Role of Nanoparticles in the Treatment of Noninvasive Bladder Cancer


UROONKOLOJI BULTENI-BULLETIN OF UROONCOLOGY, vol.14, no.1, pp.61-66, 2015 (ESCI) identifier

  • Publication Type: Article / Review
  • Volume: 14 Issue: 1
  • Publication Date: 2015
  • Doi Number: 10.4274/uob.246
  • Journal Indexes: Emerging Sources Citation Index (ESCI), TR DİZİN (ULAKBİM)
  • Page Numbers: pp.61-66
  • Keywords: Bladder cancer, nanoparticle, intravesical, mitomycin C, BCG
  • Hacettepe University Affiliated: Yes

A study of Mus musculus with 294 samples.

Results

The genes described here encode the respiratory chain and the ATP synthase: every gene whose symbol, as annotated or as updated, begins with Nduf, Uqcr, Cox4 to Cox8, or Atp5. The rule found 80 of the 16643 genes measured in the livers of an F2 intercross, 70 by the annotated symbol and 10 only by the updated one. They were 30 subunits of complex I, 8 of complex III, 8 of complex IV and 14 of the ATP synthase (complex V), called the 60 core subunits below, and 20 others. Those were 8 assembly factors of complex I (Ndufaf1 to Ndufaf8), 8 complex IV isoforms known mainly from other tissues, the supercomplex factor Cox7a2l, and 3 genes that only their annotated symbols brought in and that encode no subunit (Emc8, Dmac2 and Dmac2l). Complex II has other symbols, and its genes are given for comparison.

Bladder cancer is the ninth most common cancer types in the world and transitional bladder cancer constitutes 90% of all bladder cancer neoplasms depending on cancer cell morphology. Clinical choice of treatment is transurethral resection (TUR), after which the recurrence rate is 50-80% and the tumor has a 14% chance of progression. To avoid recurrence and progression, adjuvant intravesical chemotherapy or immunotherapy is required. Intravesical drug delivery has many advantages. Bladder allows manipulation since it is easily accessible and a closed area, allows catheterization rendering this organ to be an advantageous site for localized drug delivery. Drugs are administered into urinary bladder directly resulting in greater exposure of tissues to drug. On the other hand, because of periodical discharge, rapid drug dilution necessitates repeated catheterization and results in loss of drug efficacy. Another disadvantage is the very low permeability of urothelium. Urothelium limits the absorption of molecules into the systemic circulation and prevent adherence of foreign agents on the urothelial surface exerting the same effect of drugs and drug delivery systems. To overcome these problems, nanotechnological approach in the biomedical field seems promising and in this frame new drug carrier systems were focused and bioadhesive nanoparticles were developed. Nanoparticles are submicron, solid, colloidal particles in a size ranging between 10 to 1000 nm. Nanoparticles are generally prepared from biodegradable polymers with specific physicochemical properties and are loaded with active molecules to act as drug delivery systems. Bioadhesive nanoparticles allow prolonged residence time of drug in the mucosal tissues such as bladder wall and can be promising to pass the bladder permeability barrier. Due to their particle size and surface charge, they sustain the drug release at cancerous tissues and protect the drug from acidic urine pH and other degradation factors such as hydrolysis and photodegradation. In addition, nanoparticulate carriers form a drug reservoir in the action site to reduce drug loss and to improve drug efficacy. In this study, we aim to review the role and application of nanoparticles in noninvasive bladder tumors with current literature.